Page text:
Formations 9v9: 3-2-3


PROS: Creating a lot of natural triangles, this formation enables fast forward play and plenty of options to pass around opponents. With three forwards supported by two midfielders, it is very attacking.
CONS: Light in midfield if the attackers are not getting back to help out, this formation can be weak against a counterattack if the midfield duo have pushed up in attack.


Defenders can be quickly outnumbered with only two in midfield to protect them, especially on the counterattack. The fullbacks must push into midfield when attacking and tuck in when the ball is lost. This is vital if the midfielders are caught upfield.


The two midfielders are vital to this formation. Supportive in attack, they must work hard to get back and cover any opposition breaks. At the moment of transition, they must flood back into midfield and try to get behind the ball.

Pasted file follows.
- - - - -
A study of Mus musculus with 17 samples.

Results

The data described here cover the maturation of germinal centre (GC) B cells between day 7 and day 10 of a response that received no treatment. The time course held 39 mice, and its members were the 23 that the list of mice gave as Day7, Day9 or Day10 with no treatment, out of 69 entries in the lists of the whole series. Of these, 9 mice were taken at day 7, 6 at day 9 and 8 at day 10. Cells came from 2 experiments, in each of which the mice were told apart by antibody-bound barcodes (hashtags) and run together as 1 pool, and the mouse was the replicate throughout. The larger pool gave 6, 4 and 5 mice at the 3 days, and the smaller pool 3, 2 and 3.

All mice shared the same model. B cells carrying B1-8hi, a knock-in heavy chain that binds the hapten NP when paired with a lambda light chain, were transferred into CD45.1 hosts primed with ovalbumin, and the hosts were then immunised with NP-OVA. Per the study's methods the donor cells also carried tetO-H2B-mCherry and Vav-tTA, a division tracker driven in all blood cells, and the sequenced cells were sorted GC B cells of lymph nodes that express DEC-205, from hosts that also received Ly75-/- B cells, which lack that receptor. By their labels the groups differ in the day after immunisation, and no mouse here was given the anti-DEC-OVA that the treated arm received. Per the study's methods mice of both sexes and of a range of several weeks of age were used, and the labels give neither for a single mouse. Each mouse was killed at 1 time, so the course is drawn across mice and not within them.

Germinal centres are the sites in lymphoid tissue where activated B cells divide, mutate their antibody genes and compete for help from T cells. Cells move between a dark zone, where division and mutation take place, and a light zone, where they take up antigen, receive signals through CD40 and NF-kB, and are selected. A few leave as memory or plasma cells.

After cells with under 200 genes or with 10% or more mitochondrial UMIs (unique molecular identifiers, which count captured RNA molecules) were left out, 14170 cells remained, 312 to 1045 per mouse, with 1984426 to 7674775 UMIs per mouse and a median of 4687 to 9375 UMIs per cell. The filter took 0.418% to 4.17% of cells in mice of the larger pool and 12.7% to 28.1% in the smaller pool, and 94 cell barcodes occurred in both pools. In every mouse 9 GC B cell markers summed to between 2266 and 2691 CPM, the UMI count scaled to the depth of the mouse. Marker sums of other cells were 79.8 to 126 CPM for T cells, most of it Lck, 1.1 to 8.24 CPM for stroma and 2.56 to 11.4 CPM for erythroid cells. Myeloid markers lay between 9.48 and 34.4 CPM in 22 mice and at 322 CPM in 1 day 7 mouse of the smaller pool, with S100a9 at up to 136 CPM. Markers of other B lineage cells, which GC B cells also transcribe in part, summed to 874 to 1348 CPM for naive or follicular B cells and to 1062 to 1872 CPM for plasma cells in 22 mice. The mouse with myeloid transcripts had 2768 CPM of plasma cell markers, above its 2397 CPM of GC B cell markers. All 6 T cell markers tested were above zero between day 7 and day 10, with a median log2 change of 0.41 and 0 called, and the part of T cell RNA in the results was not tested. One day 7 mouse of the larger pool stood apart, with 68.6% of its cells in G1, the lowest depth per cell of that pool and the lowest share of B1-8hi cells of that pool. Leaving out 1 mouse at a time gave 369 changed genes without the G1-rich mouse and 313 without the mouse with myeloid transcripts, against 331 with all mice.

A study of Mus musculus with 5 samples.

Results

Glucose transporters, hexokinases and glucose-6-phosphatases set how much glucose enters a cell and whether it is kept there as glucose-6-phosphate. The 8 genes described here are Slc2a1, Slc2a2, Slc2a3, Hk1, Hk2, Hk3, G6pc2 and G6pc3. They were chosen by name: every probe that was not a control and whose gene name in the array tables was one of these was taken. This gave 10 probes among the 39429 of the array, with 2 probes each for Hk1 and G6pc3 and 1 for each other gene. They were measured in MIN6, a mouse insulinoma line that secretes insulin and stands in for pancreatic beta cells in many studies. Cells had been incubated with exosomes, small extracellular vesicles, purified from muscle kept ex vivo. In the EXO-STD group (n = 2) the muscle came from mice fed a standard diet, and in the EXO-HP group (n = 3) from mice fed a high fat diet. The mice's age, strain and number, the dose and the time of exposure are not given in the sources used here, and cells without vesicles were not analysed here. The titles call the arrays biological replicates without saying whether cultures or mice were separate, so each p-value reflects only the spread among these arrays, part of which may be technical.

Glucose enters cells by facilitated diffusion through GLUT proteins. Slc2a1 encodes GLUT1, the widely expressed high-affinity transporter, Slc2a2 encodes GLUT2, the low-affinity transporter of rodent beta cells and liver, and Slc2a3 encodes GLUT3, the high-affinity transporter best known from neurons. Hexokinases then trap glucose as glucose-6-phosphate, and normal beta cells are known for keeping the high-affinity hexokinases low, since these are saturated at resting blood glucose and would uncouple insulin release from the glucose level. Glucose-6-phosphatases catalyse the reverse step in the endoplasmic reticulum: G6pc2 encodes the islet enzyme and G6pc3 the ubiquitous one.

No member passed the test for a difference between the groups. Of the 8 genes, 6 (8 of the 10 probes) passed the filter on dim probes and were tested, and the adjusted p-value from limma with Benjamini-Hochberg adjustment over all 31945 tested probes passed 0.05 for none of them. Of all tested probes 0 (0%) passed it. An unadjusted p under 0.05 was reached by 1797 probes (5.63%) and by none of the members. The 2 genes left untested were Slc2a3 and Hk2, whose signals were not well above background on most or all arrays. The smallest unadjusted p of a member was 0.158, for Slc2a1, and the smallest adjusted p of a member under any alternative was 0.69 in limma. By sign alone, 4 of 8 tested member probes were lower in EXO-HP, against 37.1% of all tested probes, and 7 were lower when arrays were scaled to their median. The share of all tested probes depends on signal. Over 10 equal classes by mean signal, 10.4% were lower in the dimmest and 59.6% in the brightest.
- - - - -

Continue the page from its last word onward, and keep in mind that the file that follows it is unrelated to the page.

The strongest feature of this formation, it plays forward with three attackers and the support of the midfield and fullbacks. The three forwards can play as two wingers and a centre forward or tuck in with three central attackers fed by the two midfielders. There is also the option for overlapping fullbacks.

Player development

This is very close to being the 4-3-3 of 9v9. This means when the players are ready to move up to 11-a-side they will already be used to a similar system and will handle the transition more easily. All that is needed is another centre back and an extra midfielder. Rather like a student building up to taking end of year exams, they will slowly build up their knowledge of this system.
It is vital players switch through all the different positions so they have a clear idea of what players have to do in those positions, making it more likely they will be supportive in attack and defence.